God’s Justice and Mercy for us

Man on a hill

Ola: Good afternoon Uche.

Uche: Good afternoon Ola. How are you today?

Ola: I am fine. And you?

Uche: Good.

Ola: I would love to discuss the death of Christ with you. I have questions seeking answers.

Uche: Of course we can discuss. Let us hope I can help.

Ola: Well, I seek to understand why Christ suffered the way he did considering that he was absolutely innocent.

Uche: That question takes us back to Adam. We need to appreciate the gravity of sin. The gravity of an offence increases according to the dignity of the one offended.

Ola: How do you mean?

Uche: You offend your younger brother if you slap him for no just cause. It is more offensive if you slap your elder sister for no reason. But it is most offensive if you slap your own father. You can see that in the three cases, the offensive act – slap – was the same but the degree of offense increased according to the dignity of the person.

Ola: I see that. So when we offend God, it becomes the greatest offense.

Uche: Remember that God has infinite dignity. Therefore the malice of sin against God is infinite. This infinite malice requires infinite satisfaction and man can in no way achieve that.

Ola: What if man gives his life? After all the highest a man can do is give his life.

Uche: Man is a finite being and so no action of his carries an infinite value, not even if he gives his life for his own offense against God.

So when Adam committed the sin of disobedience against God, God’s justice condemned him.

Ola: Now that we are talking about Adam, could God not have punished Adam alone? How is it that we are today suffering for the sin of one man?

Uche: All mankind that has existed and will exist were potentially present in Adam and he was the representative of mankind. We cannot blame God for the consequences of Adam’s action.

Take for instance that a man is poor and his family is suffering financially as a result. A wealthy man comes and asks the poor man to work for him for one year after which he would pay him a sum that would make him rich. If the poor man refuses the offer of the wealthy man, the family cannot blame the wealthy man but the poor man himself who refused the offer. The family suffers for the wrong decision of the head not the wealthy man.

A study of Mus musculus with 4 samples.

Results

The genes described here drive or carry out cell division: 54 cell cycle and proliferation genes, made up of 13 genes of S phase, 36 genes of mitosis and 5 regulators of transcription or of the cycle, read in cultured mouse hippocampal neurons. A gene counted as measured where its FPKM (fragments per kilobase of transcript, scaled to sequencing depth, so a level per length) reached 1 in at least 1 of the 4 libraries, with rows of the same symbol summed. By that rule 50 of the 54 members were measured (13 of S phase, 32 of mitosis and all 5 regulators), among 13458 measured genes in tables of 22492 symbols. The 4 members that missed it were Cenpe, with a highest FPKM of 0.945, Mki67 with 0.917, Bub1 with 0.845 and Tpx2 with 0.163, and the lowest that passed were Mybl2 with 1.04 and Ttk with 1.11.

Ola: Adam committed the sin, he was guilty. Man is born with original sin and commits actual sins, so man is also guilty. But Jesus was born without original sin. He committed no sin yet his suffering was great. How could this have been?

Uche: I had initially said that God’s justice condemned Adam. Needless now to say that mankind was condemned. That is justice. But his infinite mercy created a plan for man’s redemption. Since the malice of sin against God was infinite, it required infinite satisfaction. This satisfaction would be a sacrifice with an infinite value. God is the only being whose action has an infinite value. So God the Father designed that the Son who is also God would offer himself as a sacrifice.

Now man committed the sin, hence, man would also have to pay the price. The Word was made Flesh and he is Jesus, 100% God and 100% man. His divine and human natures are mysteriously present in his person in a union we call hypostatic union.

Ola: Like the priest says sometimes, “In love, you created man; in justice, you condemned him; in mercy, you redeemed him.” All men then are saved even if they go on committing sin. After all, his sacrifice has infinitely satisfied the malice of sin.     

Uche: No. The God who made you without you cannot redeem you without you. It is still necessary for every individual to apply the merits of Christ’s sacrifice to himself. Every individual should therefore cooperate with God for his own salvation.